Laying Tile With Crooked Walls

Laying tile (Image: floor care machine image by Greg Pickens from Fotolia.com)

The first lesson many do-it-yourselfers learn is rooms are almost never square. Rooms maybe out of square from fractions of an inch to several inches. Rooms are not normally square for a variety of reasons including the lumber that was used to build originally was not perfectly square and houses over the course of time tend to settle and shift. The older a home, the less likely the walls will be squared because as wood ages it can twist and warp depending on how dry the wood was when the room was first built. Just because your walls are not squared does not mean your flooring tiles will not look nice or that it will cause your crooked walls to be very obvious.

Things You'll Need

  • Measuring Tape
  • Chalk Line
  • Adhesive
  • Wet Saw

Measure the room from end to end and note the measurements; on the floor itself, mark the halfway points. Measure the room from side to side on each end of the room; note the measurements and mark the halfway points on the floor. Snap a chalk line (see Tips section). You will now have four large squares or quadrants marked on the floor.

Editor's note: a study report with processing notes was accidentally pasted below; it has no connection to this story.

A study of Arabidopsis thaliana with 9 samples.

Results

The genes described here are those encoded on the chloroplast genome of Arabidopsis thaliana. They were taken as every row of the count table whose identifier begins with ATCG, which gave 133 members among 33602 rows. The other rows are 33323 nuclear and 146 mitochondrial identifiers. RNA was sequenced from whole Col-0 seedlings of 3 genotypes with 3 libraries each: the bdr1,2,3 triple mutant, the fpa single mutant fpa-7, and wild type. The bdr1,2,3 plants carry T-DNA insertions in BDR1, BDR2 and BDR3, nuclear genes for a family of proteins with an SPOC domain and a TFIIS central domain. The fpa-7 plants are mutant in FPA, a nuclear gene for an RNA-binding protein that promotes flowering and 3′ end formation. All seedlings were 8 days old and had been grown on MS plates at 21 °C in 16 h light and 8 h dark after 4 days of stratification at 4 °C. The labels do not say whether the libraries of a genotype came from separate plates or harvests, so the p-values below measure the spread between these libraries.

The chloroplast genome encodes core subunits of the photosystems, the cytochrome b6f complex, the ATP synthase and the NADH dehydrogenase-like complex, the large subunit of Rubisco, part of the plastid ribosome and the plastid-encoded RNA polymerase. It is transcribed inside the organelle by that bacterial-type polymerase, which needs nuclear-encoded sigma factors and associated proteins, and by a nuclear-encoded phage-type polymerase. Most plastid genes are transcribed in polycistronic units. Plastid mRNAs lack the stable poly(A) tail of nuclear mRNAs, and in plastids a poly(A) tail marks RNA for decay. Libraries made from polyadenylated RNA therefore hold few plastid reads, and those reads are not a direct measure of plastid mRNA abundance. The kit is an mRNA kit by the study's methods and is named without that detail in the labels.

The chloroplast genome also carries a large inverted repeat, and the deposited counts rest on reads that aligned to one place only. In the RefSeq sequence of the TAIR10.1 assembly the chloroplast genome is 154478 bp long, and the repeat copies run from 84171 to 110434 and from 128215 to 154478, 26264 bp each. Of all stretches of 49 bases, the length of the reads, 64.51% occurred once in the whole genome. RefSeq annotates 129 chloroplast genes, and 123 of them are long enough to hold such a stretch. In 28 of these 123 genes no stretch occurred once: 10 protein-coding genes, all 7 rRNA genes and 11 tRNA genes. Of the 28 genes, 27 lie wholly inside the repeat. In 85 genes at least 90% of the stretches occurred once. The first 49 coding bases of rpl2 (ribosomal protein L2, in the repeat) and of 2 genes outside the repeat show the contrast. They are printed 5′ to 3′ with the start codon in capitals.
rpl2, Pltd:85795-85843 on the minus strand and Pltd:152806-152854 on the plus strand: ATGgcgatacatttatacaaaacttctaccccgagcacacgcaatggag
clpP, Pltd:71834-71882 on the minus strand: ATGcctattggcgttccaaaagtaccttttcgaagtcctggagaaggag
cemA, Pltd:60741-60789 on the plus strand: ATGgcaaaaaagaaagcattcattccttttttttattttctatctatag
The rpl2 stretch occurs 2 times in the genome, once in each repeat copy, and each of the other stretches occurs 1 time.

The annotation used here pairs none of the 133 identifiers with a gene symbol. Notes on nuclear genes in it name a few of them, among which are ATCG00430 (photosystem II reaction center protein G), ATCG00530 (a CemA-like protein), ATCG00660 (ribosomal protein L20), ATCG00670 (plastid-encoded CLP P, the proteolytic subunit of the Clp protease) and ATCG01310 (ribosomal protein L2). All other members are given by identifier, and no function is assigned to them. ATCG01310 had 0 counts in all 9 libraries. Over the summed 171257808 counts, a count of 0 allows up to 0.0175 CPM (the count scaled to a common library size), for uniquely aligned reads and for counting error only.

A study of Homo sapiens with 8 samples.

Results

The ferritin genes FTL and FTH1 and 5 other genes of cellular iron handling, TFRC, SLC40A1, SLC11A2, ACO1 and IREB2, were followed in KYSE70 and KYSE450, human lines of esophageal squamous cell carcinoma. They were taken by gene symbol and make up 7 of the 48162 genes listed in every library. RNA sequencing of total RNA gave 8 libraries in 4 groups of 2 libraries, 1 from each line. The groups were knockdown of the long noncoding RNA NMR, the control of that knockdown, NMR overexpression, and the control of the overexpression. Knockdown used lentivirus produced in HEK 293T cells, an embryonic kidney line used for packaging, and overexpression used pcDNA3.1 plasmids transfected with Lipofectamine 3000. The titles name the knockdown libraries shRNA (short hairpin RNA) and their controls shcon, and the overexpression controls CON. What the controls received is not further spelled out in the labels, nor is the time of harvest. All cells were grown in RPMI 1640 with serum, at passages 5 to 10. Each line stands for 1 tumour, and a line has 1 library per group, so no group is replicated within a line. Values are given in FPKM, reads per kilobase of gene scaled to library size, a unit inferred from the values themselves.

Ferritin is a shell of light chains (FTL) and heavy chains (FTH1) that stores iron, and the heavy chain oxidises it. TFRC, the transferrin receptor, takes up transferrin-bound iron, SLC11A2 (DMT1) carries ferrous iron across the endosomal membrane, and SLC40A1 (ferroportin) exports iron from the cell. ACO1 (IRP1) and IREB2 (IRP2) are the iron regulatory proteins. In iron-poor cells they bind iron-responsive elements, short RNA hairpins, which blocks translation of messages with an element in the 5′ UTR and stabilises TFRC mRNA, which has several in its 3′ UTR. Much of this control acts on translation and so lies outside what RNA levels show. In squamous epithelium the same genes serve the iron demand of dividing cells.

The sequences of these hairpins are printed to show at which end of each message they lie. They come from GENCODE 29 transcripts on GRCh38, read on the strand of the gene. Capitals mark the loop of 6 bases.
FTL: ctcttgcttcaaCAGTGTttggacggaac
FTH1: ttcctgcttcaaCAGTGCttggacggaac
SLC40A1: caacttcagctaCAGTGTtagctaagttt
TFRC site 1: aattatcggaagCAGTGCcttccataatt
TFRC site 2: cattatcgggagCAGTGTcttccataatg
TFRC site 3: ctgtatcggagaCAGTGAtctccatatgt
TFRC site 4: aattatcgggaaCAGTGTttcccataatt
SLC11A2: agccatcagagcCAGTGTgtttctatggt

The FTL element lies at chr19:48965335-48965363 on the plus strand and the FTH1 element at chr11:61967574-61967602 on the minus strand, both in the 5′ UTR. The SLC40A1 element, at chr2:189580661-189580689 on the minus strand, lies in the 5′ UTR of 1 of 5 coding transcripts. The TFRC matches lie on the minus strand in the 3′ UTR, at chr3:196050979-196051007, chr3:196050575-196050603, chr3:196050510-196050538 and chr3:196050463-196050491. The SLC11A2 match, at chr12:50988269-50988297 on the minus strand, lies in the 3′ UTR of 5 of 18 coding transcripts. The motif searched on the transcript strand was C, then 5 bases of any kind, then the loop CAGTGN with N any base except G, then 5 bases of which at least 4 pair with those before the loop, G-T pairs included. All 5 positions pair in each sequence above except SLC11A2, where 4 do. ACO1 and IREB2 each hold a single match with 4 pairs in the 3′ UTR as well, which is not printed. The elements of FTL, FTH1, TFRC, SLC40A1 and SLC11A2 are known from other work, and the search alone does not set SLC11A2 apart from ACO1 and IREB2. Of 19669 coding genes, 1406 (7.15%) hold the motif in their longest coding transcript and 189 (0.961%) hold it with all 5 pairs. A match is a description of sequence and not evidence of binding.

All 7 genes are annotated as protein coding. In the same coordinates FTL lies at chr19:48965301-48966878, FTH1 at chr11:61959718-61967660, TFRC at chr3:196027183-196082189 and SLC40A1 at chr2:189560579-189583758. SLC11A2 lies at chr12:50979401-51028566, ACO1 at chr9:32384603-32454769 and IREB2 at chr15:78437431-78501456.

Bring the end of your chalk line into a corner and extend it into the opposite corner. Snap the chalk line. Bring the end of your chalk line into the next corner and extend it into the opposite corner. Snap the chalk line.

Begin laying tiles using tile adhesive at the midpoint of the room. The midpoint is where all of the chalk lines intersect. The center of the tile should be positioned as closely as possible to the midpoint. Work out from the midpoint towards the wall. It is best to work in quadrants to avoid stepping or kneeling on the freshly laid tile and causing it to shift.

Leave all cuts until the end. As soon as you have whole tiles as close to the wall as possible without cuts, begin marking and cutting the remaining tile with a wet saw to fit the edges.

Tips & Warnings

  • A chalk line is a piece of string that is rolled inside of a metal or plastic case and filled with powdered chalk. When the line is pulled out of the casing, it is covered in chalk.
  • To snap a chalk line: Pull the string taut, grasp the string in the middle, pull it up and let it go. This action will result in a chalk line on the floor. The chalk line serves as your guide.
  • To make crooked walls less noticeable, lay floor tiles on a diagonal rather than a straight line.
  • Using un-patterned floor tiles will also make crooked walls less apparent.
  • Do not create decorative tile borders because crooked walls will be highlighted.